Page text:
Publié le 20/07/2021
President Buhari receives in official visit German Chancellor, Angela Merkel in State House, August 31st, 2018. Copyright Channels TV.

Manfred ÖHM

German development cooperation (GDC) in a post-Merkel era can be expected to become more geopolitical. Recently adopted German policy documents like the Indo-Pacific guidelines as well as the support to the geopolitical ambition of the European Commission suggest such a tendency for future German policy making.

As Germany is a major player in international development cooperation, at least with regard to the amount of official development assistance (ODA), the future prospects of GDC are highly relevant to German international political and development partners.

GDC has recently seen significant shifts linked to the issue of migration and flight and also to a much stronger involvement by the private sector in development cooperation. Several German policy initiatives like Compact with Africa are exemplary for these trends. Moreover, they show that GDC focuses strongly on the African continent. The so-called BMZ 2030 reform of the Bundesministerium für wirtschaftliche Zusammenarbeit und Entwicklung – BMZ (the German Federal Ministry for Economic Cooperation and Development) underlines the ambition of GDC as relevant to current international trends.

The next German government will have to clarify the relationship of GDC with joint European approaches to development cooperation. Germany generally supports the politicization of European development cooperation and a more geopolitical thinking at the European level. Yet other political priorities, such as the French-German relationship, regularly limit German support for joint European policy-making in practice, as can be observed in Germany´s policies for the Sahel region.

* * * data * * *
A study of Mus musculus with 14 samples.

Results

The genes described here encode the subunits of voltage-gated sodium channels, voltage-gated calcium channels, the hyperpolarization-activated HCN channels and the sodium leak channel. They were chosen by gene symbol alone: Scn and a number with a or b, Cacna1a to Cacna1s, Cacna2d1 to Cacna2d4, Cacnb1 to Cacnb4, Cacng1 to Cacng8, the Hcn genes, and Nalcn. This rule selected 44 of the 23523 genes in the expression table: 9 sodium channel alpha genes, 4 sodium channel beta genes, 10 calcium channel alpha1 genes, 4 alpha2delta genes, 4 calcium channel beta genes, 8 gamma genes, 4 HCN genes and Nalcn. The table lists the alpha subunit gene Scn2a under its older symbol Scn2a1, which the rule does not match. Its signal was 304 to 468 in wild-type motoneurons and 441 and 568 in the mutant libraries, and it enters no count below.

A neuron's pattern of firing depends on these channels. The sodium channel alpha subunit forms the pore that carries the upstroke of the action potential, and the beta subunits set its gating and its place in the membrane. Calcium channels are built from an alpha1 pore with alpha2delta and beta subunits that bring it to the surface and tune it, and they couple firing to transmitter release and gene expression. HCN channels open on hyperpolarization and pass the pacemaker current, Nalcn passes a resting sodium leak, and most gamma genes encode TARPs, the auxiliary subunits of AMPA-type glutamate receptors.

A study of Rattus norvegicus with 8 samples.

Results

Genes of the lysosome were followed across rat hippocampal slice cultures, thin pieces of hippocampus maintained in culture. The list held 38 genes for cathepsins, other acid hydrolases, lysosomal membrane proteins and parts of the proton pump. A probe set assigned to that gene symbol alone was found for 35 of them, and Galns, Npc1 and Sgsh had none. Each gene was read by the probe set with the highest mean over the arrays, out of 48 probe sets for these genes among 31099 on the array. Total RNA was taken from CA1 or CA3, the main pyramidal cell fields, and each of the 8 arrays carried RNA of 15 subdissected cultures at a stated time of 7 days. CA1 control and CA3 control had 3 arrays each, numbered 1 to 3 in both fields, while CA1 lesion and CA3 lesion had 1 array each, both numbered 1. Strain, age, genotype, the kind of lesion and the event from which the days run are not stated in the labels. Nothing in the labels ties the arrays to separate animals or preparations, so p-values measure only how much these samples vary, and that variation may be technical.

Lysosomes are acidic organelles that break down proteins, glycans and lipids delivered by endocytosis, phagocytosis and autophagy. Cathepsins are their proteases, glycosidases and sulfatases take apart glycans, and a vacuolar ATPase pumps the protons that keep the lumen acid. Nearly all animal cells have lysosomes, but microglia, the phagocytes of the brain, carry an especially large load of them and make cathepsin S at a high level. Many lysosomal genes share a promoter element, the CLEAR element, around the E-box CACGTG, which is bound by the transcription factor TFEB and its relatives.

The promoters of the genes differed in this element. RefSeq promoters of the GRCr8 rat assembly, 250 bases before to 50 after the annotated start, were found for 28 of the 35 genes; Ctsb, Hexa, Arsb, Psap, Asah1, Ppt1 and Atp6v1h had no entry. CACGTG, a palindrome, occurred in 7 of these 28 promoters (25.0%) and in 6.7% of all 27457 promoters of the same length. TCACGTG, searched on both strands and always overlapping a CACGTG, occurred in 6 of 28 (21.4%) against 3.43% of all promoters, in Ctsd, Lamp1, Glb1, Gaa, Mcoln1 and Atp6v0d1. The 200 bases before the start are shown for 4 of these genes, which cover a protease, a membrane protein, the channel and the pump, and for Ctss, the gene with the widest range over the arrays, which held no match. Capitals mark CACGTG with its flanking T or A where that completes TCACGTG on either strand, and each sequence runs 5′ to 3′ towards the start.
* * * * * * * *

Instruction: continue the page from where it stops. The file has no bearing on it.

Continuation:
This paper argues that GDC under a post-Merkel government will have to seek new legitimacy and thus German policy makers should look beyond mere geopolitical approaches. While little new thinking can be expected from the political parties of a new governing coalition – probably including the Green Party – development cooperation will be challenged by right-wing populists. The situation provides opportunities, however, to link geostrategic thinking with a more progressive development cooperation that builds on the 2030 Agenda for Sustainable Development.

Dr Manfred Öhm, currently acts as the Deputy Head of Finance and Organization of the Friedrich-Ebert-Stiftung (FES). He has lectured at the University of Freiburg (Arnold Bergstraesser Institute for Cultural Studies). He formerly served as country director for the Friedrich Ebert Foundation in Sudan and Mozambique and headed the FES Africa Department from 2013 to 2021.


This publication is available in french (pdf): La coopération allemande pour le développement : vers une évolution géopolitique ? Histoire récente, tendances actuelles et perspectives d’avenir [1].